September 22, 2009

Bandy Center to be clearinghouse for area history

By Rachel Brown

Dalton State College’s newly opened Bandy Heritage Center will preserve not just Dalton’s history but also the history of all of Northwest Georgia, officials said.

College officials on Tuesday introduced the heritage center’s new director, Kentucky native John Fowler, and assistant director, Rome native Heather Howell, during a ceremony to celebrate the creation of the history preservation program. Both come from the Center for the Study of the Civil War Era at Kennesaw State University.

Lifelong Dalton resident Jack Bandy said he endowed the center with $2 million for staff and materials.

“We want to make something that would be real and would be large enough and important enough,” Bandy said.

What he means is that it would be important enough to preserve an area as rich in history as Dalton. The center’s primary tasks will be preserving — and sharing with the public — the American Indian heritage, textile industry beginnings and Civil War history of Whitfield and several other northwest Georgia counties.

“This will be a place I am very hopeful the state will look to (for industry, Civil War and native American history),” Fowler said. “This history needs to be preserved and protected.”

The center doesn’t have a facility yet, but Fowler and Howell have offices in the Derrell C. Roberts Library on campus and an area to store their materials and time to conduct historical research. One day, they hope to have a museum where members of the public can learn about local history, and they plan to create a curriculum for area school children.

They are coordinating with historical societies and preservation groups in Dade, Walker, Catoosa, Whitfield, Murray and Gordon counties.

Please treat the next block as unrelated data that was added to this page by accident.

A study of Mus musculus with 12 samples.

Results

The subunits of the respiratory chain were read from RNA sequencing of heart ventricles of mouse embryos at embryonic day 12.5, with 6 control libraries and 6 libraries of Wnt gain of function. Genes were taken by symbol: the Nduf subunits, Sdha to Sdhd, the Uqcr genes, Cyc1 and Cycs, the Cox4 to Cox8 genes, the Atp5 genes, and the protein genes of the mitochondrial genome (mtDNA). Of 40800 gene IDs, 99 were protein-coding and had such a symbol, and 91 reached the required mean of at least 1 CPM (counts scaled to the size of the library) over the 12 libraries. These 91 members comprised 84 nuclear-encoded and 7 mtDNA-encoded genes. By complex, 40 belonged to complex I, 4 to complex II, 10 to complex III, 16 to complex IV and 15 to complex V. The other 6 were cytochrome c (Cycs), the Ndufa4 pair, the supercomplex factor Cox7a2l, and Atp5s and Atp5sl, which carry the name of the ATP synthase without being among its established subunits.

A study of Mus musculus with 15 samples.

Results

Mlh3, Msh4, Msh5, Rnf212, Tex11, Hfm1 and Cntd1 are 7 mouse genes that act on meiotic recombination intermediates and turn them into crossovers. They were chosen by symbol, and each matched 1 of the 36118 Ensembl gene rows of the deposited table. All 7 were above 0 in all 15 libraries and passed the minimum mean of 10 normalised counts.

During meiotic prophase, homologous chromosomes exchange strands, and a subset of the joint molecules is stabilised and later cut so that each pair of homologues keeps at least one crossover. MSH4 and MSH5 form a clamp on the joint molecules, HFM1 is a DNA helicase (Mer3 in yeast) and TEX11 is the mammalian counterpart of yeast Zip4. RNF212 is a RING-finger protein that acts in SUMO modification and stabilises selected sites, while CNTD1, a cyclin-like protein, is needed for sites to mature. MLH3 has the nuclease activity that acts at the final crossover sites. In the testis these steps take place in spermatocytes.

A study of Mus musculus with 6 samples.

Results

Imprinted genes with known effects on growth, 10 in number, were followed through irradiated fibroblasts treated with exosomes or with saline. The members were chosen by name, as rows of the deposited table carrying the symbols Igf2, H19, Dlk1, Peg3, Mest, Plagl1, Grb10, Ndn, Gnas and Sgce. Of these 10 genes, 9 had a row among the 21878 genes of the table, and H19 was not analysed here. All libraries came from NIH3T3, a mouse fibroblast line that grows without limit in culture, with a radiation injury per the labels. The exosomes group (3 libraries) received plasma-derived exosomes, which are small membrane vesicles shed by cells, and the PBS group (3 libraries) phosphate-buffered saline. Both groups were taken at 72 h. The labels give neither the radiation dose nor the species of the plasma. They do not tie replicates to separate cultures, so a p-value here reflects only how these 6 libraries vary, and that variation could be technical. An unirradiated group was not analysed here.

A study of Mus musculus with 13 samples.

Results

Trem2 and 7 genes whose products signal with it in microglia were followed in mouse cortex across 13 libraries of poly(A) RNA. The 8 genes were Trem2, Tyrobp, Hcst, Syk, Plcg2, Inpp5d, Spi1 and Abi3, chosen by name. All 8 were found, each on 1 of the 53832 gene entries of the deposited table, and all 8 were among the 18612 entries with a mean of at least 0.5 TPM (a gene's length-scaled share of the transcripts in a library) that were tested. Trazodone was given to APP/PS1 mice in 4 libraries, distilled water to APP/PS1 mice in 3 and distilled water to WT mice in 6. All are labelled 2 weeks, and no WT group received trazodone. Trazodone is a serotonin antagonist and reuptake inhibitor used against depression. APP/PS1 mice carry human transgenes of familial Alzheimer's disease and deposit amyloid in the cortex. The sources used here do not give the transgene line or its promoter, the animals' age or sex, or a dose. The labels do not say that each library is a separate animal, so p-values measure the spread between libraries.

Judy Alderman, president of the Prater’s Mill Foundation, said board members recently voted to put their artifacts inside the Bandy center as soon as officials have a place to store and display them. They include cassette recordings of oral histories from local veterans as well as hand-tufted and chenille bedspreads.

“Some are in a climate-controlled mini warehouse, which is really not the proper care,” Alderman said. “They need to be shared with the public.”

A planning committee has worked on opening the Bandy Center program for 18 months.

Bandy said his mother, Dicksie Bradley Bandy, planted an interest in history deep inside him. She passed away 20 years ago, he said, but was instrumental in preserving the Chief Vann House in Murray County and getting the state to accept ownership of it. Bandy made his living as one of the founders of Coronet Industries, which changed hands several times before finally landing with Beaulieu.

Howell is also teaching American history classes at the college, and Fowler is slated to begin teaching more specialized classes this summer.

College president John Schwenn said the historical preservation program wouldn’t be possible without Bandy’s generosity.